Complaints re the cultivator choices: conflicts of interest, little minority inclusion, etc.

Complaints re the cultivator choices: conflicts of interest, little minority inclusion, etc.



Retired Arkansas Court of Appeals Judge Olly Neal of Marianna has filed a complaint with the Arkansas Ethics Commission over Medical Marijuana Commissioner Travis Story’s scoring of a cultivation permit application for Osage Creek Cultivation, a Carroll County company owned by Jay and Mary Truelove, who have been Story’s legal clients.

Osage Creek was one of five companies whose scoring made them eligible for permits to grow medicinal marijuana.

Story has not commented on the allegations or on his grading of the applications, but state Rep. Bob Ballinger (R-Berryville), Story’s law partner, confirmed in an Arkansas Democrat-Gazette interview that he and Story had worked for the Truloves, were aware of their plans to seek a marijuana permit and had told them they could not handle that business because of Story’s position.

Cultivation applications were redacted before they were provided to commissioners. But while the name Trulove did not appear on Osage Creek’s successful application, it did reveal where the cultivation center would be located (in Carroll County) and information about several businesses owned by the Truloves, including a dirt works, a graphics company and Sports Corner, where a campaign event was held for Ballinger’s Senate race. It also noted the applicant was a pilot. How many pilots with dirt works, a graphics concern and the Sports Corner as a business filed applications for Carroll County?

Neal was identified in a September article in the Arkansas Democrat-Gazette as one of the owners of competing cultivator Delta Cannibanoid, which finished ninth in the scoring.

His multi-page complaint said commissioners were covered by state laws on conflict of interest and that Story had a direct or indirect interest in the application of Osage Creek.

The Ethics Commission doesn’t confirm filings of such complaints. A complaint begins a review process that generally takes weeks to complete.

Meanwhile, another member of the Delta Cannabinoids group, Mildred Griggs of Marianna, has filed a protest over the state Medical Marijuana Commission’s choices for marijuana cultivation permits, which were expected to be ratified at a meeting Wednesday. Griggs sent a letter of protest to Mary Robin Casteel, director of the Alcoholic Beverage Control Division, where marijuana permitting is reviewed.

Among the points raised:

  • Some applicants were incorporated as LLCs, not corporations, as the letter contends is required by statute.
  • The commission failed to adopt rules to ensure fair and impartial proceedings. Sufficient steps weren’t taken to be sure commissioners didn’t know those involved in the applications they graded.
  • Standards were enforced arbitrarily and capriciously. A number of people, for example, failed to include signed (and thus validated) passports. Osage Creek Cultivation, the letter said, failed to provide proof of sufficient assets. Some criminal background checks were missing. Different scores were given for essentially the same answers.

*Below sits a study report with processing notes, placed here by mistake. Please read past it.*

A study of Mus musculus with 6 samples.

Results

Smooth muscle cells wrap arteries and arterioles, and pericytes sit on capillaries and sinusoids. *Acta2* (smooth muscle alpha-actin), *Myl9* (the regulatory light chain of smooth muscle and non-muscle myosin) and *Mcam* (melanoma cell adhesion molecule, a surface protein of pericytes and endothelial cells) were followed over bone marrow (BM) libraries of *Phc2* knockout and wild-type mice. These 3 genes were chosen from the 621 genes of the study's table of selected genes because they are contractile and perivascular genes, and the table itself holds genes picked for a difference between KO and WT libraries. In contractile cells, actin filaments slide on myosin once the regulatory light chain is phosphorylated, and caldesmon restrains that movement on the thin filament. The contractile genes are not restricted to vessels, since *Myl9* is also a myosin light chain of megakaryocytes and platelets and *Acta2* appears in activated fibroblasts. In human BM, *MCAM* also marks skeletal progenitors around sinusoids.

• The commission didn’t adequately consider racial diversity. Bonus points for diversity were given for the inclusion of women in ownership, though few had major roles in governance or operation. The letter notes there are no black-majority groups and only five African Americans among 53 owners with a cumulative 9 percent of ownership of the five winners.

 

The Department of Finance and Administration has responded to a request from Rep. Scott Baltz (R-Pocahontas) for confirmation that the state Medical Marijuana Commission made sure no applicants for cultivation permits were delinquent on state taxes.

Baltz said he’d heard rumors that there might be some shortcomings in income, sales, personal or corporate franchise taxes.

Director Larry Walther’s detailed response said he couldn’t supply specific information on account of the confidentiality of tax records.

But Walther went on to note that delinquencies only apply to individual applicants, not corporations.

Similarly, a tax deficiency on the part of a corporate entity such as an LLC might not be a personal deficiency, except in circumstances outlined in law.

The letter notes that corporate franchise taxes are obligations of corporations, not individuals, and that personal property taxes are not state taxes.

When reviewing applications, the department reviewed individual applicants and owners of legal entities, the letter said. Finally, Walther concluded the department had received a request from a commission member to ensure there’d been compliance with the tax deficiency standard and was preparing an evaluation for Wednesday meeting.

Natural State Wellness, which had two permit approvals but, by law, could choose to pursue only one, will build a facility in Jackson County, rather than Jefferson County as it had originally announced. The other four permits anticipate facilities in Carroll, Woodruff, Jackson and Jefferson Counties.